Astonishment and Wonder

 Four years ago, Terry and I were taking care of our grandson Sebastian.  Our son-in-law was immersed in a frantic effort to get from his work assignment in Africa to Maryland where our daughter was hospitalized in unexpected early labor.  As if that were not stressful enough, Sebastian woke up pulling his ear and crying “Take it off! Take it off!”  We got him quickly to the doctor’s office. His ear was so full of wax that it had to be cleared out before the ear could be examined.  In the following days, Sebastian was astonished by the gift of his renewed hearing.  He would frequently say “Listen!” or “Did you hear that?”  How much he had been missing!

Sebastian wasn’t hearing things because of his infected ears.  But how much do we miss because we simply aren’t paying attention?  Mary Oliver, whose poetry I have recently quoted in this blog, wrote “Instructions for living a life. Pay attention. Be astonished. Tell about it.”  What a succinct and delightful formula.  What might be the outcome of living in such a way?  I would love to hear from readers about your own experiences with paying attention, how it impacted your experience of wonder, and how you have sought to share what you have discovered. Please put your comments in the spot designated for responses.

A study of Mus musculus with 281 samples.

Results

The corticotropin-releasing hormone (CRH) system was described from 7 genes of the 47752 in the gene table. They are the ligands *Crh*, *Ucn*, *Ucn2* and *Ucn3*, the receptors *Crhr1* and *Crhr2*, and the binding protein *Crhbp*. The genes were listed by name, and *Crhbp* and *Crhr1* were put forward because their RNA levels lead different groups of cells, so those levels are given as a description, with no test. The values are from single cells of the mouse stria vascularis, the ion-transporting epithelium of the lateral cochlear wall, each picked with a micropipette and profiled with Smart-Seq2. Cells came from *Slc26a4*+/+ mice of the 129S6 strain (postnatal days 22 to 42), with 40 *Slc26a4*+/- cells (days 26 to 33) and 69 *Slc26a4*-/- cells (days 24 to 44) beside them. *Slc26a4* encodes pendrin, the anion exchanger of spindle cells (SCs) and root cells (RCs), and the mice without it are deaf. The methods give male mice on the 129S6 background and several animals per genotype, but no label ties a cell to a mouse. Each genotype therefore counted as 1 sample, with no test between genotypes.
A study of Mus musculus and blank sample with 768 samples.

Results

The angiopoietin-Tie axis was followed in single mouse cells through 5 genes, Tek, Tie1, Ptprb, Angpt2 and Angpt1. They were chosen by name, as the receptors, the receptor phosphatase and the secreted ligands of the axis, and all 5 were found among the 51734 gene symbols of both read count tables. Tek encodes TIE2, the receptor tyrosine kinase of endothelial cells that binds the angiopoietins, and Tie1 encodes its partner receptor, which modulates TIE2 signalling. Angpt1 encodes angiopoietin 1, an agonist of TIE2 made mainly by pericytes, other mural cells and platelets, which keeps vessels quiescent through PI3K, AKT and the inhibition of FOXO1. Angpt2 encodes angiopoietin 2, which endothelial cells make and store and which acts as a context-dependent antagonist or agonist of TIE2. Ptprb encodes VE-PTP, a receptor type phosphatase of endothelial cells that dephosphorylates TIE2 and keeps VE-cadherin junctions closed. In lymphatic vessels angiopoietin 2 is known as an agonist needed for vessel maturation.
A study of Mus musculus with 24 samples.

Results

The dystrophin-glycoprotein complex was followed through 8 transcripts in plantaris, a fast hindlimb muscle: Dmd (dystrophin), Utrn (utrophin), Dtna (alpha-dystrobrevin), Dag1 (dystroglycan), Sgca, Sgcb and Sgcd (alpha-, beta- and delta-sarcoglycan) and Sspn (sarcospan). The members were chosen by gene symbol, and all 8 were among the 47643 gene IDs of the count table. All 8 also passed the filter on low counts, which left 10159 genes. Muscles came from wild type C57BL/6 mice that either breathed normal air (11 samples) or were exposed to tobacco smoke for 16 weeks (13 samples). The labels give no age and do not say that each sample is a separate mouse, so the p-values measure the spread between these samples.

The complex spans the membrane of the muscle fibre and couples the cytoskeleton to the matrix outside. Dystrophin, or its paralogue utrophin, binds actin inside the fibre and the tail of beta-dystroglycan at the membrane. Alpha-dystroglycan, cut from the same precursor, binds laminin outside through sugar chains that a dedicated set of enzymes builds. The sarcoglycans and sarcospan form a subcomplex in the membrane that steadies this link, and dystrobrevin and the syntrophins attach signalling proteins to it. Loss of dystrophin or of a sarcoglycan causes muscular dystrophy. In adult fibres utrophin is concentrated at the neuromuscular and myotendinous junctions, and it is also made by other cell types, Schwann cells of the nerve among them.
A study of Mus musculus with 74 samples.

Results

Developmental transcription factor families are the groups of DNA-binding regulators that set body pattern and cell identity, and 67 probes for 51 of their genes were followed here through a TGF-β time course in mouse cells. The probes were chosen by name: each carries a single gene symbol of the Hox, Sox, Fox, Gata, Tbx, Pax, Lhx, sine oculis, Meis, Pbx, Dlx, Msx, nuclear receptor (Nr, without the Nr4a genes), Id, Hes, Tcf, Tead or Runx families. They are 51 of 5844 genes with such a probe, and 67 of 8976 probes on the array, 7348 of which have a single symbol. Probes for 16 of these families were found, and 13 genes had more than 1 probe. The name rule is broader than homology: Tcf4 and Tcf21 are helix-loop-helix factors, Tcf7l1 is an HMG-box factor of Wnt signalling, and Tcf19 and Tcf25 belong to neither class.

May we be bearers of hope, the “wait staff” of Hope’s Café for each other and all those we encounter.  Shalom, Kate

Hope’s Café Bonus: The good news from that week I described was that  our son- in- law was whisked from the airport directly to the hospital and was there for the birth of Sebastian’s baby brother, who arrived safely after several difficult days.   Happy fourth birthday, Gabriel!

3 thoughts on “Astonishment and Wonder”

  1. One thing that I think is sad is when people are at a restaurant and instead of talking to each other, one or both or all of them are on their cell phones. I was at KFC a few months ago and this little boy – around 3- was there with his dad. The dad was playing on his phone the whole time. Sitting nearby, I interacted (silently) with this charming little child more than his dad did. When we got up to leave, the child actually tried to follow us out. His dad didn’t even notice. So I waited at the door until his father finally looked up and realized his son was no longer at the table. It was just heartbreaking.